As the dust settles in Addis Ababa after the fallout from the election of a new head of the African Union (AU) Commission, it is time for foreign policy drivers in South Africa to extract important lessons from the diplomatic showdown and formulate appropriate interventions. One area that begs for serious attention relates to the ingrained tensions on the continent around South Africa’s Africa policy, which seem to be nurtured by divergent diagnoses of Africa’s challenges and the corresponding difficulty by its leaders to articulate a shared vision of how to move the continent forward.
As one of Africa’s de facto leaders, South Africa’s attempt to give direction to the continent by articulating and promoting an African Agenda would be better served if a conscious and well-targeted effort is made to complement traditional diplomatic processes with societal-level approaches that encourage constructive and sustained dialogue among critical stakeholders in the continent. This is where academic diplomacy, seen as an official diplomatic strategy that seeks to create understanding about a country or its policies through institutionalised academic cooperation, becomes relevant in addressing misperceptions about South Africa’s posture in Africa.
Contrary to what some observers would want us believe, South African policy makers’ reading of the current challenges confronting Africa, especially as they relate to the continent’s engagement with the outside world, does indeed resonate with the concerns of a substantial constituency in other quarters of the continent.
In fact, one can argue that concerns about France’s continued neo-colonial influence in Africa, as well as the new scramble for the continent’s resources involving both established and emerging powers are stronger in other parts of Africa than is the case in South Africa. This is particularly true if we take into account the fact that it is the African people we are referring to and not just their leaders.
Be that as it may, Pretoria’s intentions in Africa continue to be viewed with deep suspicions in the continent, not necessarily because they are inherently wrong, but partly because of the foreign policy context in South Africa, which is muddled in historical “baggage” and ambiguities in the country’s cultural and national identity.
One just has to take stock of the extremely polarised domestic discourse on even the most fundamental elements of the country’s foreign policy to appreciate the difficulty that African audiences sometimes face in trying to decipher the true intentions of Pretoria in the continent. In this context, an important foreign policy challenge for South Africa is how to assist critical audiences in Africa to sift through the maze of domestic and foreign (mis)interpretations of the country’s foreign policy in order to appreciate its Africa policy for what it’s worth.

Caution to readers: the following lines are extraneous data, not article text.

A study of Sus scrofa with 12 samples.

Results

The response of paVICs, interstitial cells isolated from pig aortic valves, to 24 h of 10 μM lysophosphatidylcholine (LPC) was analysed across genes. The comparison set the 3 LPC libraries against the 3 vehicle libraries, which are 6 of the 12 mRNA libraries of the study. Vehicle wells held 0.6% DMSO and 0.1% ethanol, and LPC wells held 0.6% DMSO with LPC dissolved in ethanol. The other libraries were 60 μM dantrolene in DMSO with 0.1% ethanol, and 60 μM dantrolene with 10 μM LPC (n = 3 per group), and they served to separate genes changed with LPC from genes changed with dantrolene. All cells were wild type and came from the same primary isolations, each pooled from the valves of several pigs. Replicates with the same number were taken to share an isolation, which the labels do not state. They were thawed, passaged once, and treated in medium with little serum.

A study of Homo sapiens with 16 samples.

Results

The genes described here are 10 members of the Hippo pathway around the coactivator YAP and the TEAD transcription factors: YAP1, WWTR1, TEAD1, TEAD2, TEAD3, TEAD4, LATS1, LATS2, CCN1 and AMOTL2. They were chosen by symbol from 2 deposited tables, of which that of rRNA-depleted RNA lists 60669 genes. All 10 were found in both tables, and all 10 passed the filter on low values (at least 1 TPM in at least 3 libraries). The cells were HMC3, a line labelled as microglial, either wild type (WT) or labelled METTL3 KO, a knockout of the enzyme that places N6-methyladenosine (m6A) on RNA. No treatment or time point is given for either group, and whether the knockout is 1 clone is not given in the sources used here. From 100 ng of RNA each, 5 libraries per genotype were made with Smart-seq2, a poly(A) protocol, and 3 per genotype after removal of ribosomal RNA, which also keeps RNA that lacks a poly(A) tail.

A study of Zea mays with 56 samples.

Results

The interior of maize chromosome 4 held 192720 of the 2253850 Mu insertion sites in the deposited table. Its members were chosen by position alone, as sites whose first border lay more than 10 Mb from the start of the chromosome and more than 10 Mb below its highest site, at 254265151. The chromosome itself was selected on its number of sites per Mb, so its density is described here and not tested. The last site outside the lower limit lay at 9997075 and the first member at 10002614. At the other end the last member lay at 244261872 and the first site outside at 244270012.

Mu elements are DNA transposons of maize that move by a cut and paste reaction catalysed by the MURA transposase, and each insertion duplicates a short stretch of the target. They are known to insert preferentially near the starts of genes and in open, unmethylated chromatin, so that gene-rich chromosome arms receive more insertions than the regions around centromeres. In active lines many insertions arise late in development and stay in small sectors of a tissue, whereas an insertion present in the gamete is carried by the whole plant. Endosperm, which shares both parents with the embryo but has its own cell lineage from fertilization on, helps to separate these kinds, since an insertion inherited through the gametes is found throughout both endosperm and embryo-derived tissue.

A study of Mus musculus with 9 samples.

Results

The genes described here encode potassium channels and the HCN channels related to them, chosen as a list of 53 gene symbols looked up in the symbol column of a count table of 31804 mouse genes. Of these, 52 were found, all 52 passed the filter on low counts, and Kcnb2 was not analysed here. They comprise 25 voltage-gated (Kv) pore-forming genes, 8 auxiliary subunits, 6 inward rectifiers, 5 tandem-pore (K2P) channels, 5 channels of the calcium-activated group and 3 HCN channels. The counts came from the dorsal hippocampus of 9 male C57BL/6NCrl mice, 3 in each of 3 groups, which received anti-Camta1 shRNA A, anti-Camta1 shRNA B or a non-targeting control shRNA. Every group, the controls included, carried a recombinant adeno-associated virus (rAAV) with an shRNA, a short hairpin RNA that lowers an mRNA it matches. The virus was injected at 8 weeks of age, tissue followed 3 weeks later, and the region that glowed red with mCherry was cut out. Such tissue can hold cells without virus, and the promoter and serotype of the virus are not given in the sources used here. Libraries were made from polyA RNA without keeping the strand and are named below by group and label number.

Academic diplomacy programmes must thus be designed and implemented in the context of maximum academic freedom and with no unnecessary political interference.
A foreign policy instrument that lends itself to such a task is academic diplomacy, expressed through formal or semi-structured courses, research and publication, student exchanges or academic seminars and conferences. If designed and executed properly, academic diplomacy could play two crucial roles in support of South Africa’s Africa policy. In the first instance, it could assist in creating an informed understanding of South Africa’s foreign policy among targeted and attentive African audiences.
More importantly, academic diplomacy could serve as a tool for setting the African Agenda on the basis of depoliticised and critical dialogue with African audiences, thus also assisting in generating the shared vision needed to advance the continental agenda. This is vital in circumventing the need to resort to strong-arm tactics, which South Africa has been accused of using to secure the chairmanship of the AU Commission.
Unlike other foreign policy instruments, academic diplomacy can better serve this purpose because of the trustworthiness and objectivity that is associated with academic processes. Academic diplomacy programmes must thus be designed and implemented in the context of maximum academic freedom and with no unnecessary political interference.
The strength of academic diplomacy as a foreign policy tool also lies in its ability to target younger generations of African leaders and thus create a lasting positive impact on diplomatic relations between South Africa and the rest of the continent, both at the bilateral and multilateral levels. It can also prove to be a resource-efficient strategy in the sense that, although substantial funding is required to successfully run targeted programmes, the overall project can sustain itself through the life-long professional and personal bonds formed in the course of academic exchanges.
As home to some of the best academic institutions in Africa, as well as host to a large number of scholars from other African countries, South Africa already has sufficient resources with which it could develop a concerted academic diplomacy strategy for Africa. All that is needed is to harness the available resources and integrate them into the country’s foreign policy architecture, most preferably as part of the forthcoming development partnership agency.
Fritz Nganje is a researcher at the Institute for Global Dialogue. He writes in his personal capacity.